From left: Vibol Chao; Paraic Grogan; Thomas Hundt (with the 2016 Men’s Globe trophy); Cambodian Children’s Fund founder Scott Neeson; and 2017 Homeless World Cup player Seng Saray.
From left: Vibol Chao; Paraic Grogan; Thomas Hundt (with the 2016 Men’s Globe trophy); Cambodian Children’s Fund founder Scott Neeson; and 2017 Homeless World Cup player Seng Saray. Pha Lina

Cambodian team heads to Oslo for Homeless World Cup

A team of seven Cambodian football players will leave for Norway on Monday to represent the Kingdom in the Homeless World Cup being held in Oslo from August 29 until September 5.

The Cambodian squad of Som Sokla, Mut Sakpich, Kin Ratana, Long Sovatha, Choeun Sochat, Seng Saray and Van Ream, all 17-19 years old, apart from Ream who is 16 and Sovatha, 23, have been drawn in a tough Group C that includes reigning champions Mexico, as well as Italy, Germany, Romania and South Korea

The annual tournament has been running since 2003. Just 18 teams attended that first edition, but this year 72 teams from 48 countries will take part in what is set to be the biggest competition yet.

The Homeless World Cup has helped dozens of young Cambodians turn their lives around over the past decade – with some even going on to play professional football.

Men Monira represented Cambodia at the 2009 Homeless World Cup in Milan, Italy, and has gone on to play professionally in Cambodia – recently transferring from Metfone C-League side Svay Rieng to Western Phnom Penh in the preseason.

“I want to thank HFCA and the Homeless World Cup for giving me the opportunity to play football for my country in Milan,” Monira said.

“Being part of the HFCA programme changed my life forever. Without that support I would not be a professional footballer today and not be able to support my family and stand on my own two feet.”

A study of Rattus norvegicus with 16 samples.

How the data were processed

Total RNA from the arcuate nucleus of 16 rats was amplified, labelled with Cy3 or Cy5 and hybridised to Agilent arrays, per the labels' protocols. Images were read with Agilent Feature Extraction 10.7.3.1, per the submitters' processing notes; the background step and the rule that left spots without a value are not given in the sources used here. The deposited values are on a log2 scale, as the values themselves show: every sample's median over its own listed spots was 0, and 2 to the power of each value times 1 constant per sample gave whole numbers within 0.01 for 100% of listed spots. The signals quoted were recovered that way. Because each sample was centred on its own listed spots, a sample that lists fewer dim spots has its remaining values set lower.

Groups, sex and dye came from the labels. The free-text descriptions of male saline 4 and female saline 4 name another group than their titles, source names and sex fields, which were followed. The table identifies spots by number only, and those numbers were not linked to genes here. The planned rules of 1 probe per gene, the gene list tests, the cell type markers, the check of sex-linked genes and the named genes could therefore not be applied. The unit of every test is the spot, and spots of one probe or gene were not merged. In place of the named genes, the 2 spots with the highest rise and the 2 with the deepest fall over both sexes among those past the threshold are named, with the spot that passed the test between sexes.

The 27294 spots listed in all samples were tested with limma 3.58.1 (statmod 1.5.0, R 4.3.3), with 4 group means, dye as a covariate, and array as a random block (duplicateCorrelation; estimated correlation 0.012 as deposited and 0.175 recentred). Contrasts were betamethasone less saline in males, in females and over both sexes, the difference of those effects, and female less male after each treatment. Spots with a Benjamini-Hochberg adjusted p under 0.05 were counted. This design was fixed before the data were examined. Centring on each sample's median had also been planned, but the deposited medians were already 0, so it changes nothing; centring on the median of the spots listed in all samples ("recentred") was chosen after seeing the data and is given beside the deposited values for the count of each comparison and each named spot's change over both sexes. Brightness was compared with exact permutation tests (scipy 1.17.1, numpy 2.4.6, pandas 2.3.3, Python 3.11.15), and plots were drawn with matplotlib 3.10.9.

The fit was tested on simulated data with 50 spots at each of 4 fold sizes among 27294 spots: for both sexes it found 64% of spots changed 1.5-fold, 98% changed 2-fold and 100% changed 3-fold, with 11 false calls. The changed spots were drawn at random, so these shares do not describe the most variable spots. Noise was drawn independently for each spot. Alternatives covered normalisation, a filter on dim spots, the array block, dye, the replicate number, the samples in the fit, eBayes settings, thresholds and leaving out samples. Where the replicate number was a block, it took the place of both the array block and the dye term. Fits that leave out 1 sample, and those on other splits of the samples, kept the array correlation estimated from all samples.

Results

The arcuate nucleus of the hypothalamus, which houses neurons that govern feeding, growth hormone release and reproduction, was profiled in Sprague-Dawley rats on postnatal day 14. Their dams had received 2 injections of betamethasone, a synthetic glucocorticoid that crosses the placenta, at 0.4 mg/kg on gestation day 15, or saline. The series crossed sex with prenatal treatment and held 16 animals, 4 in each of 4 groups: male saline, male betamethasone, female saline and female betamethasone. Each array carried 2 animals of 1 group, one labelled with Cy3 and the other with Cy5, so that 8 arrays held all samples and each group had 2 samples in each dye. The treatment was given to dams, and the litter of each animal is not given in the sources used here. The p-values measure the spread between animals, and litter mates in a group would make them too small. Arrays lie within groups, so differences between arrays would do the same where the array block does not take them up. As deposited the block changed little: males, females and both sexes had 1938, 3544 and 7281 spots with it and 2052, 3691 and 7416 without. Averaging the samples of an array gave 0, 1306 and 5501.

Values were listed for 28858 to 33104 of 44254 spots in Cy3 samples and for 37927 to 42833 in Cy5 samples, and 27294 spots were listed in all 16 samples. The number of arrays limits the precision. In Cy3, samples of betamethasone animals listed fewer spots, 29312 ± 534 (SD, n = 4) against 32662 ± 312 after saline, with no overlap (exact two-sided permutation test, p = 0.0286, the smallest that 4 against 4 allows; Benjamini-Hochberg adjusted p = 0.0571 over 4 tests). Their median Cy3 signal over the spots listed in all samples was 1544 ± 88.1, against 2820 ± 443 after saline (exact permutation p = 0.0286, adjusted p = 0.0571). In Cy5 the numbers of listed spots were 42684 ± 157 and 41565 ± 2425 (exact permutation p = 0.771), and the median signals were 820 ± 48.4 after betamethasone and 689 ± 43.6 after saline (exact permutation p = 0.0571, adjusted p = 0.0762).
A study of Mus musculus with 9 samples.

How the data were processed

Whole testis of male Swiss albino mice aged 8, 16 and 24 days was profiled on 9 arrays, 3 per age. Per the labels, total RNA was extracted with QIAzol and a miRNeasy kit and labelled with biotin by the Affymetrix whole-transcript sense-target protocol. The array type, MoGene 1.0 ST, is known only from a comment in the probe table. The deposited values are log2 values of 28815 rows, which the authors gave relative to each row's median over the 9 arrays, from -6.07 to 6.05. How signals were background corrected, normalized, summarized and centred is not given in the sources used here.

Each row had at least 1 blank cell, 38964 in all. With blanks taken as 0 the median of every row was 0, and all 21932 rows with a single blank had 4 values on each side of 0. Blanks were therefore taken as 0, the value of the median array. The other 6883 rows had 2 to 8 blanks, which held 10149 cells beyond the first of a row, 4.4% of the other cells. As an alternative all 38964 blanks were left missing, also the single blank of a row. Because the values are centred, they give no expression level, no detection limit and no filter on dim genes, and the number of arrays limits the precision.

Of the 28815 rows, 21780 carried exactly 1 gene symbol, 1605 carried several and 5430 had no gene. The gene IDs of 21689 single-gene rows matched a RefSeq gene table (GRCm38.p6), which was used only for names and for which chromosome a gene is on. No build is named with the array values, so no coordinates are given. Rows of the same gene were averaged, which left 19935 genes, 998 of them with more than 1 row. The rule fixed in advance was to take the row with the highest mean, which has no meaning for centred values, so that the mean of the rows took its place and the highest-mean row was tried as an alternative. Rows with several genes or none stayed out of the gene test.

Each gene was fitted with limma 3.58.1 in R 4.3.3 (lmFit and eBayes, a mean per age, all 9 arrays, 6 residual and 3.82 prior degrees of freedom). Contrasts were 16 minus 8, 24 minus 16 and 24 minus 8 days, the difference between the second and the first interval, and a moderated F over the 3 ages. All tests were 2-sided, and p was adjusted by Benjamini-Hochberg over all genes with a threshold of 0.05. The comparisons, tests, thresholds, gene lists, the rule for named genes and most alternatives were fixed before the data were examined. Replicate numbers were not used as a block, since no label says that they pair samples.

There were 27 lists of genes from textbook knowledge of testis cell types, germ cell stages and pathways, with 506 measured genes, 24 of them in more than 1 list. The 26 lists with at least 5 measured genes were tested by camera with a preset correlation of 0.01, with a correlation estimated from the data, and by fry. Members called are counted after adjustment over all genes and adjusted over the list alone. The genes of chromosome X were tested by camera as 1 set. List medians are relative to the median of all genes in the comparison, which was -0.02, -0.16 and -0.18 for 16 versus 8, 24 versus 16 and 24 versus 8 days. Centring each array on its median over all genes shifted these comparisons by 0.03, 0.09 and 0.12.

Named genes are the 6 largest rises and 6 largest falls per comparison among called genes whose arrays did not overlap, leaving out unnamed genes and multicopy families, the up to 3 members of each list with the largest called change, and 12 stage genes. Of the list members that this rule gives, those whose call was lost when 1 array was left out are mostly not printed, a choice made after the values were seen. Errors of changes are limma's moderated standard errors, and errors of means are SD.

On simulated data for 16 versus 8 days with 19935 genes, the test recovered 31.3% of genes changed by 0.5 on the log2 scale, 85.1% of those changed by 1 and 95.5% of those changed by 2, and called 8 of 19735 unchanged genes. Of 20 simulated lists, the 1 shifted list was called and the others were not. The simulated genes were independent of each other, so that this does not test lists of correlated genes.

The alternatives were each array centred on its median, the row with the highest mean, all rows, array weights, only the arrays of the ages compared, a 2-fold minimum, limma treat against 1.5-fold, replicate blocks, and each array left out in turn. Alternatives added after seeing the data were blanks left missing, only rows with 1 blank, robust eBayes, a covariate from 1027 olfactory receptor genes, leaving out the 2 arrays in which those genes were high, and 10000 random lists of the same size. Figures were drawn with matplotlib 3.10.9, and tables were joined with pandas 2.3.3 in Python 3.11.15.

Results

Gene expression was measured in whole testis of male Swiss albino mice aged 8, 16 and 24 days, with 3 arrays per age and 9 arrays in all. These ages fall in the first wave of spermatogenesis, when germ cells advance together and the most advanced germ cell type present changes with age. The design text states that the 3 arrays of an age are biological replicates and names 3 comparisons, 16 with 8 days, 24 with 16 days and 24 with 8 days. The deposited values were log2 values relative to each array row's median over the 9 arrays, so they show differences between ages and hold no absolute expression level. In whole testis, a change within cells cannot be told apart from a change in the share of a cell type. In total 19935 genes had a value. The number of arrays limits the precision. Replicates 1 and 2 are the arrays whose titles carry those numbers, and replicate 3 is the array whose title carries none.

Partnership extended
Cambodia has been represented at the World Cup for the past 10 years, thanks to Happy Football Cambodia Australia (HFCA), an organisation that has coordinated the team’s appearances at the event.

“The positive effect that playing in the Homeless World Cup has had on young people’s lives around the world, including here in Cambodia, makes all the effort worthwhile,” said Paraic Grogan, who founded HFCA in 2005.

“We are so grateful for the support we receive from our main sponsor Smart Axiata, from the Cambodian Children’s Fund and from the Collingwood Rotarians in Melbourne. Without them we would not be able to do what we are doing again this year for a 10th year in a row.”

The Homeless World Cup aims through positivity and self-respect to inspire homeless people to improve their lives, and a recent survey of participants found that 94 percent said it had impacted their lives for the better.

At a press conference yesterday, HFCA and Smart Axiata announced the extension until 2020 of their partnership to support more underprivileged youngsters to attend future Homeless World Cups.

The collaboration will by then have reached the milestone of a decade of jointly creating positive change through football.

Speaking at the event, Thomas Hundt, CEO of Smart Axiata said he was proud of the company’s contribution to support the Cambodian team, as well as of the impact of HFCA’s work.

“Seeing these young people from challenging backgrounds thrive and prosper through football is very inspiring to us and we are delighted to extend our sponsorship for another three years,” he said.

“I look forward to . . . Team Cambodia building on their Men’s Globe Trophy win [in Glasgow] last year,” he said.

According to HFCA country manager Vibol Chao, the tournament will be played in a futsal format with four players a side.